There has rarely been a better year to be a group winner in the Champions League. Even before Monday’s draw the gulf between the winners and runners-up was evident—and that sense was perhaps even greater for Manchester United and Chelsea, knowing they could not draw Manchester City or Arsenal.
So having come through a potentially tricky pool containing Bayer Leverkusen, Shakhtar Donetsk and Real Sociedad, many United fans are rubbing their hands at the prospect of a double-header against perennial Greek champions Olympiacos, especially as the Old Trafford club have played four, won four against them.
Yet that would be to underestimate Olympiacos’ considerable spirit and pedigree. At the time of writing, the men from Piraeus are again clear at the top of the Greek Super League, winning 13 and drawing one of their opening 14 matches.
They have scored 43 and conceded just four in a competition conditioned by the financial struggles of Panathinaikos and the ruin of AEK Athens. It may be hard to judge the true value of their domestic dominance in this context, but Michel’s men have already shown their quality in the Champions League.
After enduring a biblical flood in Lisbon that briefly threatened to wash away their hopes, Olympiacos will charge United with being near their best to beat them to a place in the quarter-finals.
Famed across the continent for the atmospheric Georgios Karaiskakis Stadium, they have flourished away from home in this season’s Champions League, winning handsomely at Anderlecht and drawing at Benfica and narrowly losing at Paris Saint-Germain.
They are also much more than simply Kostas Mitroglou plus ten, though the importance of the Greece international must be underlined. He is powerful and prolific, having scored 17 goals in 14 club games this season, as well as a crucial brace in the World Cup play-off against Romania.
Yet there is more to the 25-year-old than that. Thought of as tactically naïve and ineffective outside the penalty area by his coaches on his arrival in Greece from German reserve football, he has grown enormously.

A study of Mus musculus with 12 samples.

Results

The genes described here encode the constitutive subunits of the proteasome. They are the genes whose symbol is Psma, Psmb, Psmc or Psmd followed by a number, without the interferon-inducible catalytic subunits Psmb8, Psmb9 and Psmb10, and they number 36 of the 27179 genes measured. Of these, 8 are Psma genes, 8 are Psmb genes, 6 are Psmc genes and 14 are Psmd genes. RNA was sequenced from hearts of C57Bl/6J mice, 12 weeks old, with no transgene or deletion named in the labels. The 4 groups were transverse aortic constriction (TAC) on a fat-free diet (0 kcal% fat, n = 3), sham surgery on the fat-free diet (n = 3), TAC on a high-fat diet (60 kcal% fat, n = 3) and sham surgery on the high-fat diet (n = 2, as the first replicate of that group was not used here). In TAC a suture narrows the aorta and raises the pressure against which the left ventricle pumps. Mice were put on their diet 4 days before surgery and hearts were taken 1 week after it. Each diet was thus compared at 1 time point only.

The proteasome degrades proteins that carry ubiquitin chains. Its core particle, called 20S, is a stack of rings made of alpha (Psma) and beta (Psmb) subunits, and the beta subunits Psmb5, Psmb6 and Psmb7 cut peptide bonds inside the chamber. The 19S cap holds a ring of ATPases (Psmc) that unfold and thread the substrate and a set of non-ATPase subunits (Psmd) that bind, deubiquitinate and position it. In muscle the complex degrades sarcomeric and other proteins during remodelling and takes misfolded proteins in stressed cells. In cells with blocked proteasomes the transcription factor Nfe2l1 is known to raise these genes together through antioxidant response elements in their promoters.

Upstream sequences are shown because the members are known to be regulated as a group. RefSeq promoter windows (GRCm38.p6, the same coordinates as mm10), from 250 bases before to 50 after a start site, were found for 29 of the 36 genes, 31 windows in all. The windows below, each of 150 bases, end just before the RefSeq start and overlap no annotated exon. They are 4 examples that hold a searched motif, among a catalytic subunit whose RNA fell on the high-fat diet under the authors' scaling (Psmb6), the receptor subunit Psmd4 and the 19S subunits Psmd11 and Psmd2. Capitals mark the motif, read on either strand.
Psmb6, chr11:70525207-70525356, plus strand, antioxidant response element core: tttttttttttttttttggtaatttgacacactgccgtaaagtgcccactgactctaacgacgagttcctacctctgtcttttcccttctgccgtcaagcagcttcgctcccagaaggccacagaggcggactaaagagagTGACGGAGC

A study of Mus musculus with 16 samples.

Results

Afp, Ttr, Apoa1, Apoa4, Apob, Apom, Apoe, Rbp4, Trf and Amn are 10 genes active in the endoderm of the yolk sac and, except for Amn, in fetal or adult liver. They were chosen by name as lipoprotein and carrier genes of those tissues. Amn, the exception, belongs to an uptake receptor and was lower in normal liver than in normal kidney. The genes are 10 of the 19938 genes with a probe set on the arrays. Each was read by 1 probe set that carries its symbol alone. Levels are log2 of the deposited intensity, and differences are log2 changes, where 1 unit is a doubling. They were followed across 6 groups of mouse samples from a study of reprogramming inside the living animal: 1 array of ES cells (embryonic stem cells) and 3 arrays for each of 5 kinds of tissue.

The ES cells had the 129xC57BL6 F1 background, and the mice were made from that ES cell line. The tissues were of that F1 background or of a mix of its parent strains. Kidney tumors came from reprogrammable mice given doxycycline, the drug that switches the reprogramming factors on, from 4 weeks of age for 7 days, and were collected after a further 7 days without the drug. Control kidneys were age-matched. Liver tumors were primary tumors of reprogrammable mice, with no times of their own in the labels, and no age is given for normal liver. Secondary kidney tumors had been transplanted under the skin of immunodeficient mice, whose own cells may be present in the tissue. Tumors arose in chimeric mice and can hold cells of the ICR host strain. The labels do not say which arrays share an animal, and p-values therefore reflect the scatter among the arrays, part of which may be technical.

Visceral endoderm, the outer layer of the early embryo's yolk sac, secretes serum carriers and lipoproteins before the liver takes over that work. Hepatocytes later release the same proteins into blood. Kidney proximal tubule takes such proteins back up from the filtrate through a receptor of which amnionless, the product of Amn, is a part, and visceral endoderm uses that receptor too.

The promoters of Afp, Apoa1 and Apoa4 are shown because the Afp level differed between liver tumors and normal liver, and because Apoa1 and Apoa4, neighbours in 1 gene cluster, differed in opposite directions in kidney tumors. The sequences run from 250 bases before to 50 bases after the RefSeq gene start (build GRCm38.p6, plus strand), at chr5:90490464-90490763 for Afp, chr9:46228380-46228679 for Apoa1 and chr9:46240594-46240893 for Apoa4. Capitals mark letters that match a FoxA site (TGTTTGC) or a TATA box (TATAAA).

That he should hold up the ball effectively is no shock, but he has a surprisingly light touch, as he showed in his role creating Chori Dominguez’s fine goal that gave Olympiacos the lead at Benfica.
Those games against Benfica were a tipping point for Michel’s side. At the Estadio da Luz, they passed the Europa League finalists off the park until the deluge halted their rhythm, with Mitroglou missing one chance to hit a clinching goal as the ball stuck in the water at point-blank range and he ran straight past it.
They are technically adroit and durable. Dominguez, Javier Saviola and David Fuster provide experience and quality, while Sambou Yatabare and Delvin N’Dinga bring strength in midfield. Captain Giannis Maniatis marshals the team at the back.
Olympiacos’ grit was clear in the return, as they weathered a different kind of storm, with the Portuguese giants reacting strongly.
On that occasion, goalkeeper Roberto stepped up, making a string of extraordinary saves. His time at Benfica had been blighted by high-profile errors, but he has recovered his confidence.
There are a clutch among the second-placed pack who would have suited United better. Zenit always appear jittery and nervous in pressure situations, despite their considerable outlay on players in the last 18 months.
Schalke are perpetually leaky from set-pieces and incredibly vulnerable on the counter-attack. Milan, meanwhile, are lucky to even be in the last 16 after the battering they took from Ajax in the final group match at the San Siro—fortunately for them, without reparation.
David Moyes’ side are undisputed favourites—especially given their Champions League results to date—and Olympiacos are simply happy to have such a plum tie, as Michel made clear after the draw (report on the club's website - here). Yet the soul of this team, forged under an atmosphere of immense expectation, is considerable. United must tread carefully.